George Church, who is in the thick of both the science and the business of editing genomes with the now Nobel-Prize-winning technology called CRISPR, warmly greeted Wednesday’s award in chemistry to fellow pioneers Emmanuelle Charpentier and Jennifer Doudna.
The Harvard biologist endorsed the Swedish Academy’s choice of Charpentier of the Max Planck Institute in Germany and Doudna of the University of California, Berkeley, for this year’s prize. Their award made history as the only science Nobel ever won by two women. Church praised the pair’s seminal work and dismissed concerns about ongoing patent litigation between the University of California, where Doudna works, and the Broad Institute, home to CRISPR scientist Feng Zhang.
“I think it’s a terrific choice. I think it’s maybe a little iconic and it represents a whole bunch of revolutions that include editing in general,” Church told STAT. “But definitely they made the key discovery, which was that you … can program an enzyme, Cas9, to cleave at a particular place in DNA.”
As for the patent dispute between UC and the Broad that has swirled over who discovered what, when, and in which organism, he said: “I think the patents in general aren’t that critical. I think in this specific case, it’s not that important. I could be wrong, but typically by the time you get through something that’s very useful to society, there’s a lot of winners and they each have a bunch of patents and they cross-license patents and they have different products.”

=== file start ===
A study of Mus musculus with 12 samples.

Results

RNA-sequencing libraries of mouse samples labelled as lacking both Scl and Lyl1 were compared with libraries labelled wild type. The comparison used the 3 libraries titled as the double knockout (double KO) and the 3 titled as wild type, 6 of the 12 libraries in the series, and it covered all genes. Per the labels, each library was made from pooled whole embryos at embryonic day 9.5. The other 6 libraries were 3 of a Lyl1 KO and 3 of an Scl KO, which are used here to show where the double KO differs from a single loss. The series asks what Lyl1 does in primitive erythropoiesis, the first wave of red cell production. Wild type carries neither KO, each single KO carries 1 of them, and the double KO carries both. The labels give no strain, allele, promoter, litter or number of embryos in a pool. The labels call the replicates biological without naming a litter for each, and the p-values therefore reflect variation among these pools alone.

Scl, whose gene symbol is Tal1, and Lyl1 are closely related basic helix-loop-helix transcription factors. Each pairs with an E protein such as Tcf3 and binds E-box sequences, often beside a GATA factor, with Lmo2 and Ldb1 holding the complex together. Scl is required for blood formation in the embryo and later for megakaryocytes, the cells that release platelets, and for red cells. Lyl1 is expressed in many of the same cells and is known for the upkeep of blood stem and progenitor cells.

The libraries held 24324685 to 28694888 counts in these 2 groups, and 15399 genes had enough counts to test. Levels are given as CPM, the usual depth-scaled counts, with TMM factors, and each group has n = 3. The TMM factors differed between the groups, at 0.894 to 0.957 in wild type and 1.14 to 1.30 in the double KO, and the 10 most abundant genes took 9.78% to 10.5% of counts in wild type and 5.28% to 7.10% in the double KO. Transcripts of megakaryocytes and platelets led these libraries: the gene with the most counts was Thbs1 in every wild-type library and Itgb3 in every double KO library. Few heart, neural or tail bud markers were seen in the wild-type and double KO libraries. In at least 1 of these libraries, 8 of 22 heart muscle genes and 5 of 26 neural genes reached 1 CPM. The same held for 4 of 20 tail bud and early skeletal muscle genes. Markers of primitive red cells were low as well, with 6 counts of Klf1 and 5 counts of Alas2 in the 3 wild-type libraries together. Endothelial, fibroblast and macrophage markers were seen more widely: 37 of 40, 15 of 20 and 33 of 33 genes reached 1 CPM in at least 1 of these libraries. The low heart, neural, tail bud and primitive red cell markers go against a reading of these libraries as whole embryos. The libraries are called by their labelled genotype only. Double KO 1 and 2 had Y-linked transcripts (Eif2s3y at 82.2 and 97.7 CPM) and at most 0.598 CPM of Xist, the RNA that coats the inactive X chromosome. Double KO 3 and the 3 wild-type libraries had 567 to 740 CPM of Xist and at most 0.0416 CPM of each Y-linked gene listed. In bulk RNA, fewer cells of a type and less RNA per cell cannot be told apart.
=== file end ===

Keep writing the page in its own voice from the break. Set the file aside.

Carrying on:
Church, Doudna, and Zhang started a company called Editas Medicine, and Doudna and Church have been involved in another company, Intellia. Doudna and Church are also working with Inari Agriculture, a seed company whose goal is to reduce the land, water, and other requirements for producing food and feed.
CRISPR Therapeutics and Vertex have launched clinical trials using CRISPR to cure sickle cell disease and beta thalassemia, while Editas is working on a clinical trial using CRISPR to cure a form of congenital blindness. Many other human studies are in the planning stages, with the goal of curing diseases as different as Duchenne muscular dystrophy, cystic fibrosis, type 1 diabetes, hemophilia, and more.
“There’s plenty of different ideas and companies to go around,” Church said. “In fact, if anything, there’s not enough patents. Not enough companies.”
In the research arena, what Doudna and Charpentier did was biochemistry, Church said, which a chemistry Nobel recognizes, as opposed to an invention that might get the nod in medicine.
“They discovered a way to cut DNA, in vitro, not in human cells. I think they knew earlier where this was all going,” he said. “But here, I think the key thing they did was discover this guide RNA can target cutting, that RNA can target cutting.”
Other scientists had worked on gene editing before, Church said, “but this was a key turning point. And then there were people after them that turned it into a technology.”
Looking back, Church mentioned Francisco Mojica, Rodolphe Barrangou, Luciano Marraffini, and even earlier work on informatics that showed “funny repeats” in the genome that looked like junk DNA. And then there were people working a step away from cutting DNA in vitro, he said, which was a step away from actually using it as a gene editor.
“Now that work is making its way into clinical use,” Church said. “This was definitely a turning point from phenomenology in vivo to understanding in vitro and then setting a path towards everything.”
Church counts Doudna as a close friend, but has not yet heard from her about the prize she shares with Charpentier.
“I was with her last night, virtually. I mean, you know, it’s Covid,” he said. “And I sent her an email this morning.”